Schizophrenia is a chronic, severe mental disorder that is characterized by deficits in the human thought process. Individuals with the condition often face difficulties in everything from holding a job to maintaining relationships.
Now, an app that has been in the works since 2013 is undergoing testing to see if it can become a plausible tool for those with the condition. Known as Prime, the app has been a part of a trial for more than 20 months, and just one of 36 participants has dropped out thus far.
Originally, Prime was a concept developed by Danielle Schlosser, an associate professor of psychiatry at the University of California, San Francisco. Schlosser was also in charge of a team of researchers focused on using technology to target lesser-known symptoms of the disease.
As the app evolved, it included a few key features, one of which was a social network. The goal was to connect individuals with others who have schizophrenia, as well as individuals who are trained in assisting mental health patients.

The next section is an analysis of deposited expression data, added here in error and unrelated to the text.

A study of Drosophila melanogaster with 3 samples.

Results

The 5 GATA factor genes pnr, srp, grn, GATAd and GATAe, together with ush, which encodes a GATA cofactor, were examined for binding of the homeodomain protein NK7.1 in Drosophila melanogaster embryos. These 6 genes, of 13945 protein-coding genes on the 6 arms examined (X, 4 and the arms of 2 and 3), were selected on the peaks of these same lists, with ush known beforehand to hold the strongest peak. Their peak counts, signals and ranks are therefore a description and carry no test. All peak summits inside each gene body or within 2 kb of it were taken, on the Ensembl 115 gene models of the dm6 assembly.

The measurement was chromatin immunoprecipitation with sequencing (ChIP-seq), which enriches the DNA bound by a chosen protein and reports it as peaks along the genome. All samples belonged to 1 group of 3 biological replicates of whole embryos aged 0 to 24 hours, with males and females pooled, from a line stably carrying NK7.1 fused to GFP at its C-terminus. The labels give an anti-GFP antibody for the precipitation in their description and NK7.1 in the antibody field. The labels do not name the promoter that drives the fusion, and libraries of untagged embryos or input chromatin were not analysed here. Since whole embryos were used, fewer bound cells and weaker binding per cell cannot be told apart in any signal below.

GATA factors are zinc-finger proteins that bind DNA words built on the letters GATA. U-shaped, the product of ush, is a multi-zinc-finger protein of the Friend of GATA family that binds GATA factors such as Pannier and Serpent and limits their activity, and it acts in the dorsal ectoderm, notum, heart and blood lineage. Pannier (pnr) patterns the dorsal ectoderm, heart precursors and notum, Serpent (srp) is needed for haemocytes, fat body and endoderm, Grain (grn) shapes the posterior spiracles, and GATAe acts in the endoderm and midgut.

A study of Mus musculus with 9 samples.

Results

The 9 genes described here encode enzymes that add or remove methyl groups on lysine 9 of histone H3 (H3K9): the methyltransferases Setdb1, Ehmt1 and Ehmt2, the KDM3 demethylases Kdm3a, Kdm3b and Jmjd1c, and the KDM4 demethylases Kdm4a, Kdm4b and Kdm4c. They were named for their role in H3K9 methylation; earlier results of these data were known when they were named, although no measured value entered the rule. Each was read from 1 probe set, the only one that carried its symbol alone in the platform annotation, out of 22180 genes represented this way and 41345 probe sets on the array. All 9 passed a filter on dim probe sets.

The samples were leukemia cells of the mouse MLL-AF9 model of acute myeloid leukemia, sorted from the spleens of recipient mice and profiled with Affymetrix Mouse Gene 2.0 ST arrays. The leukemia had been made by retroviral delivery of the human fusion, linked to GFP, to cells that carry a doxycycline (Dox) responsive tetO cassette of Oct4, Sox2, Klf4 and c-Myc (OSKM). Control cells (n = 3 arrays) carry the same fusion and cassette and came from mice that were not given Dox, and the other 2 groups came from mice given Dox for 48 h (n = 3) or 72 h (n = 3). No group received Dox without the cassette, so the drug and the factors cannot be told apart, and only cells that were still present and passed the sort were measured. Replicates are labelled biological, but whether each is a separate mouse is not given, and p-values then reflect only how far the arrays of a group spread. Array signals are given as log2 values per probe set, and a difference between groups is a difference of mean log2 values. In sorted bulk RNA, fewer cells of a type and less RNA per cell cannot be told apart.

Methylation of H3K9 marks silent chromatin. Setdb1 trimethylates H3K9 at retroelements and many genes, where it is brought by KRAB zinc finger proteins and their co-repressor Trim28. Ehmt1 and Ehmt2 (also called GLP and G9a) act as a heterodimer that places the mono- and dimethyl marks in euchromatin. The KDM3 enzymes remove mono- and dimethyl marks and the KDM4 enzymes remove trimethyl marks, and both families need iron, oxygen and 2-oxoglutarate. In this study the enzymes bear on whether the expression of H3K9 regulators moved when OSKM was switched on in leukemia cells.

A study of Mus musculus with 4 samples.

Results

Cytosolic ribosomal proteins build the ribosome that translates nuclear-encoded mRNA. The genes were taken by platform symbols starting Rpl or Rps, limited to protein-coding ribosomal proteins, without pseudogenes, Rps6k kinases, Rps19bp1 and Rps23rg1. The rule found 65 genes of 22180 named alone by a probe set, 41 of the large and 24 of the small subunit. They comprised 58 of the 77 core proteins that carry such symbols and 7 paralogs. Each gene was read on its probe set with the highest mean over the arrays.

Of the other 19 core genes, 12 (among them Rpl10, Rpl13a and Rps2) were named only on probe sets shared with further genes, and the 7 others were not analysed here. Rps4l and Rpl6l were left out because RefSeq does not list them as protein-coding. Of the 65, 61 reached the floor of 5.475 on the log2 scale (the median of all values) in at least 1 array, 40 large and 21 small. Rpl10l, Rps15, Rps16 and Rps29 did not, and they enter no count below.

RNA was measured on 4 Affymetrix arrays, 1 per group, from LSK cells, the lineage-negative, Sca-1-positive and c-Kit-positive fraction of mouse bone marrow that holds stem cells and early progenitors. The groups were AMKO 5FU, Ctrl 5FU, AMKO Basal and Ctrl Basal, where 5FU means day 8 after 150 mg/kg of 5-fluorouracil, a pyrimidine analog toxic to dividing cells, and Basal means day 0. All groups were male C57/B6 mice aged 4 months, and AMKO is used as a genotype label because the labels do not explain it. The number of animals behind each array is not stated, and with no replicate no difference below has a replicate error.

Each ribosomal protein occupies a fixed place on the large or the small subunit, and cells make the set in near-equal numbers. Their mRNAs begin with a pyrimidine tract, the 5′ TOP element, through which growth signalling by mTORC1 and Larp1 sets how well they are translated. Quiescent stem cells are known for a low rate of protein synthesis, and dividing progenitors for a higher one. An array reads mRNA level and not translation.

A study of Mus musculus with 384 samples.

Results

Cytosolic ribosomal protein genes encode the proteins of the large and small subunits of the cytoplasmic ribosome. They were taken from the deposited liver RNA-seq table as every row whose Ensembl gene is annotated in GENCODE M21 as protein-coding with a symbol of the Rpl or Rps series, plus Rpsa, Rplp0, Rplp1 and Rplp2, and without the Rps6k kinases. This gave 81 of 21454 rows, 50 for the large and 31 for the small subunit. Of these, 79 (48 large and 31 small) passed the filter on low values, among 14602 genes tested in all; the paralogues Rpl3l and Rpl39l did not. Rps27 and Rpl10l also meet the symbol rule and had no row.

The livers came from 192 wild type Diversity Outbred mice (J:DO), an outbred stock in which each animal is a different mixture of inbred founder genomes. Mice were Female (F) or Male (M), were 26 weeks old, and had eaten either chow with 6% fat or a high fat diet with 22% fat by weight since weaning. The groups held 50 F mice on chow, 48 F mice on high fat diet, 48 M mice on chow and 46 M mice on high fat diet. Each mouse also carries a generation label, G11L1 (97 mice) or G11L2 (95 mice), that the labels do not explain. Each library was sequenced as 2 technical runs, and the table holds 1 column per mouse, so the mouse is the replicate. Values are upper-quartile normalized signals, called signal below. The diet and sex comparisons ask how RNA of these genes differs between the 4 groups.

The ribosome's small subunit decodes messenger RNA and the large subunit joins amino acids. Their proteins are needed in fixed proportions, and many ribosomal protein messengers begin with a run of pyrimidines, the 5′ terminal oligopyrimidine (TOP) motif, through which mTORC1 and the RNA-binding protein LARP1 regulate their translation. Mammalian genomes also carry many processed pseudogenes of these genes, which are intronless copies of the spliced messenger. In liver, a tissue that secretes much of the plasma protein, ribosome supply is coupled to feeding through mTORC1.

Upon logging in to Prime, users were asked to create a profile that included their aspirations and interests. From there, Prime would address motivational deficits and generate "challenge goals" to keep patients in pursuit of their ambitions.
In 2013, the first focus group to test Prime was assembled by Schlosser's team. However, it yielded mixed results. In the end, it seemed as if users simply disliked the design of the app. Now, the team is working to make the app feel more engaging, with the help of feedback from individuals with schizophrenia.
Schlosser and her team have received funds from UCSF and the National Institute of Mental Health to further evolve Prime. Additionally, they've brought in 15 stakeholders, including those with personal connections to schizophrenia, to work out the kinks of the app.
The current trial examining Prime is looking at how frequently users log in to the app and complete their "challenge goals." Thus far, participants have logged in an average of four times per week, and 80 percent have achieved their set goals.
Schlosser's team is currently working on another app known as Prime-D, alongside Prime. Similar to the schizophrenia app, this one is geared toward individuals with depression.